South-West Guernsey is an area rich in natural scenery, so much so that it has inspired writers and artists throughout history.
Most notably, the area was loved by the celebrated French author Victor Hugo, who lived on the island for many years. The south-west coastline is well known for its picturesque landscape, and incorporates the headlands of Pleinmont and L’eree, as well as several bays and the small island of Lihou.
Pleinmont Headland stands at one of the highest points on Guernsey and it therefore offers some outstanding views of the surrounding landscape.
Being the most westerly point on the Channel Islands, the rocks just offshore are home to Hanois Lighthouse, a 33 metre high structure that was built in 1862 to warn approaching ships of the dangerous rocks around the coast.
Area Around Pleimont Headland
A well-maintained footpath traverses Pleinmont Headland and leads northwards towards the bays of Rocquaine and L’eree. The beaches here are great for swimming and the azure colour of the sea on sunny days makes them idyllic spots to visit.
The north end of L’eree bay meets L’eree Headland, arguably one of the most interesting places to visit on the south-west coast.
The headland is the site of two adjacent nature reserves – La Claire Mare and Colin Best. Here I discovered extensive areas of reedbed, saltmarsh and orchid meadows, all of which are important habitats for rare species, including Oystercatchers and Ringed Plovers.
A visit to the headland here will also reward you with views of Lihou Island, which lies just offshore and is accessible at low tide via a narrow stone causeway.
The island is another important area for conservation and has been designated as a Ramsar Wetland Site for the preservation of rare birds.
History At Every Turn
I think that one of the things that makes the south-west coast of Guernsey such an interesting place to visit is the heritage.
The landscape is peppered with historical sites and Pleinmont Headland in particular is a goldmine for culture.
Its elevation above the sea made it a prime lookout point for German forces during WWII and the result was the construction of a large naval observation tower. This was a key part of the Nazi sea defence system during their occupation of the Channel Islands and the tower is a unique structure, built over five storeys.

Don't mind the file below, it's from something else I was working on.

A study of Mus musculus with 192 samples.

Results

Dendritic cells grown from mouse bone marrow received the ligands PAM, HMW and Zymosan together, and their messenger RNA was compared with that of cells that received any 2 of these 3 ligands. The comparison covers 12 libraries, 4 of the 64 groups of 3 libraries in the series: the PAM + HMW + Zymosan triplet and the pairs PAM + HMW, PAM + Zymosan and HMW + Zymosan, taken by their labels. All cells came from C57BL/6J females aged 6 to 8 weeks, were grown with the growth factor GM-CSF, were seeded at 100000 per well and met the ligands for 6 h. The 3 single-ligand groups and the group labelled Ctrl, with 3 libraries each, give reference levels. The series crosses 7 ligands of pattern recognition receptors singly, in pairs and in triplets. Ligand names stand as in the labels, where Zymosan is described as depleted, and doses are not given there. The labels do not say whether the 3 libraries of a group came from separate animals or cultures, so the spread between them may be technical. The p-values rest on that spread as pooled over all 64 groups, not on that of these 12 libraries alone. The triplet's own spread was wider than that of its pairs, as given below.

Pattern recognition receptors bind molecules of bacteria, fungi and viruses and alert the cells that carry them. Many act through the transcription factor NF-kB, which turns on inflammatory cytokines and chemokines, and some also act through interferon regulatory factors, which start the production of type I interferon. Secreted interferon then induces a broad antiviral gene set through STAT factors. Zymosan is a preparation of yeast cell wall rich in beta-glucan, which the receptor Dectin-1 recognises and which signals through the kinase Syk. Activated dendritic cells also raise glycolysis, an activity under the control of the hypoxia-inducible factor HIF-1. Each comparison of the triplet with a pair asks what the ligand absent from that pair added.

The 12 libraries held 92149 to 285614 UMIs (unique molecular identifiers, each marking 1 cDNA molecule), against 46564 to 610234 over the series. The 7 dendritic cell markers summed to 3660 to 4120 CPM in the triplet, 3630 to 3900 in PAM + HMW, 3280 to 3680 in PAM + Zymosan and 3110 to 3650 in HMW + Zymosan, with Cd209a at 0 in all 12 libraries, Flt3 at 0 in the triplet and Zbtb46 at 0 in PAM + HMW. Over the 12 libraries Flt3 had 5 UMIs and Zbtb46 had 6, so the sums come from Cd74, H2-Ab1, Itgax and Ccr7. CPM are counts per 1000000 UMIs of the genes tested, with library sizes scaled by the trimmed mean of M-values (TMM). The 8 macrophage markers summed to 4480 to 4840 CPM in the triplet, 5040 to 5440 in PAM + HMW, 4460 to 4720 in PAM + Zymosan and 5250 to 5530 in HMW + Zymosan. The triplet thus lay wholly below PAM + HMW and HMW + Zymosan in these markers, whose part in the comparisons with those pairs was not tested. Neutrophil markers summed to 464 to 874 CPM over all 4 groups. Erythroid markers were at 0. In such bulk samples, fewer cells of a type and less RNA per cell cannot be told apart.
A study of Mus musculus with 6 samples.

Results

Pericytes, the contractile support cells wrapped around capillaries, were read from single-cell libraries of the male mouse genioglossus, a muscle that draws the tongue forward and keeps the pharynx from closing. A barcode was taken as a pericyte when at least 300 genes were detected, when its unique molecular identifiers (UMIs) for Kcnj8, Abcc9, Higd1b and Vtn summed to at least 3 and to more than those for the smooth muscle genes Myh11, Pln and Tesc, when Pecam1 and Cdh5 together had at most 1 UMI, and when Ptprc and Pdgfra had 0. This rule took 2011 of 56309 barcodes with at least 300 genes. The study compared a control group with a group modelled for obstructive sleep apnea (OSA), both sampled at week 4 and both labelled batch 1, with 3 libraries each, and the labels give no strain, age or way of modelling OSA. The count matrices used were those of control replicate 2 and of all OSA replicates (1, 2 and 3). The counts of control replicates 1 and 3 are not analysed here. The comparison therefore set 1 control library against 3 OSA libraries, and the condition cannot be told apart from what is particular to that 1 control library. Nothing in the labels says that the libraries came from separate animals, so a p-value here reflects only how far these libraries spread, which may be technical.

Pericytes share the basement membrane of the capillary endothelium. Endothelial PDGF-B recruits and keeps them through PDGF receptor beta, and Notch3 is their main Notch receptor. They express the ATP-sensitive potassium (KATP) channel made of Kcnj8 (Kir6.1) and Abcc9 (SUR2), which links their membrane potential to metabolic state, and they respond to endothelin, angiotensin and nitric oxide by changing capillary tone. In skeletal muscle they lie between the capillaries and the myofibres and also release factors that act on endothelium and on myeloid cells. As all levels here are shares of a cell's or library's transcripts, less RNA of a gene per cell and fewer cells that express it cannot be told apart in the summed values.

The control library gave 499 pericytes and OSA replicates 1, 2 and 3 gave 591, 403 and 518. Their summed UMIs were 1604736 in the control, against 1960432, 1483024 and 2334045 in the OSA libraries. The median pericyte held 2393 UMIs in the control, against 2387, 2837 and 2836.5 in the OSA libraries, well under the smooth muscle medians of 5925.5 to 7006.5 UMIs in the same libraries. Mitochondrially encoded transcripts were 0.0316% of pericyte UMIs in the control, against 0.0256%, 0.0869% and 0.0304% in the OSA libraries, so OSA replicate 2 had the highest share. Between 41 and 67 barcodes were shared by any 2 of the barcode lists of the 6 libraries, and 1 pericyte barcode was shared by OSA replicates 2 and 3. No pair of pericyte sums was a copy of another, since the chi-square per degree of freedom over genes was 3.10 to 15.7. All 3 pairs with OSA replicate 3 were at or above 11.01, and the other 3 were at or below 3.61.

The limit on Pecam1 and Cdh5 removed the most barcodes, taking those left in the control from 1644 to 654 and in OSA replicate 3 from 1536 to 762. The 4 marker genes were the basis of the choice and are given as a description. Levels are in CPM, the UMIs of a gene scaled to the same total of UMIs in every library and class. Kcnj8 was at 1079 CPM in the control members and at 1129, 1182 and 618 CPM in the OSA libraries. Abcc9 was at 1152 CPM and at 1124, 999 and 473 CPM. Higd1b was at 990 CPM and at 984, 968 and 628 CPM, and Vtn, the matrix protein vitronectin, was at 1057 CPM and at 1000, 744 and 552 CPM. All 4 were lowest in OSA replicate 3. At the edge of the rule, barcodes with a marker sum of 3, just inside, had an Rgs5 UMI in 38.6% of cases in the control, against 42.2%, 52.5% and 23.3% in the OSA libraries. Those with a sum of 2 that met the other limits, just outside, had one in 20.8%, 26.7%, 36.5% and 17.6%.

Being open to the public on certain days of the week, it can be an intriguing place to visit.
South-west Guernsey is also a place which is steeped in folklore, with fairies being a common feature of many local stories.
The north tip of Pleinmont Headland is the site of a mysterious landmark which goes by the name of Tables des Pions.
It’s also known affectionately as the Fairy Ring, and is formed of a ring of stones and a shallow, circular trench. While folklore tells of fairies gathering at the site, it is actually thought to be a 300 year old example of a picnic bench.
You can continue your fairytale visit to the south-west coast with a trip to L’eree Headland.
This is a large tomb which is thousands of years old and is one of the best examples of a Neolithic chamber tomb. The entrance to the grave is always open and is well worth a look, although as it’s said to be the entrance to Guernsey’s fairy kingdom, you may want to watch out for unusual sights.
A Need For Speed
The remote coastline of Guernsey’s south-west is a great place to find wildlife and it always pays to be on the lookout in the area.
When walking the coast path around Pleinmont Headland, you might by lucky enough to hear the piercing cry of one of the world’s most impressive birds.
The Peregrine Falcon is only present on Guernsey in small numbers but the species is a lover of tall sea cliffs like the ones on the southern coast, making this area one of the best places on the island to see one.
The Peregrine is undoubtedly the king of speed amongst the animal kingdom, able to dive at speeds of almost 250 miles per hour.
This incredible ability in the air makes the Peregrine a fearsome hunter, able to take prey completely by surprise and deliver blows with such force that the victims are often knocked out cold.
The Peregrine population fell dramatically in the last century across the UK and Channel Island region, largely due to persecution. Thankfully, Peregrines have since made a substantial recovery, and there are chances to see this bird of prey here and it can be a real highlight on a trip to the coast.
South-west Guernsey is therefore a great place to visit for outdoor-lovers. With easy-going cliff walks, sandy beaches and plenty of sights to see, the area represents some of the best of what Guernsey has to offer.
After the exploring the south-west part of Guernsey Island, you will probably get hungry so don’t forget to check out Discovering the mouthwatering cuisine of Guernsey.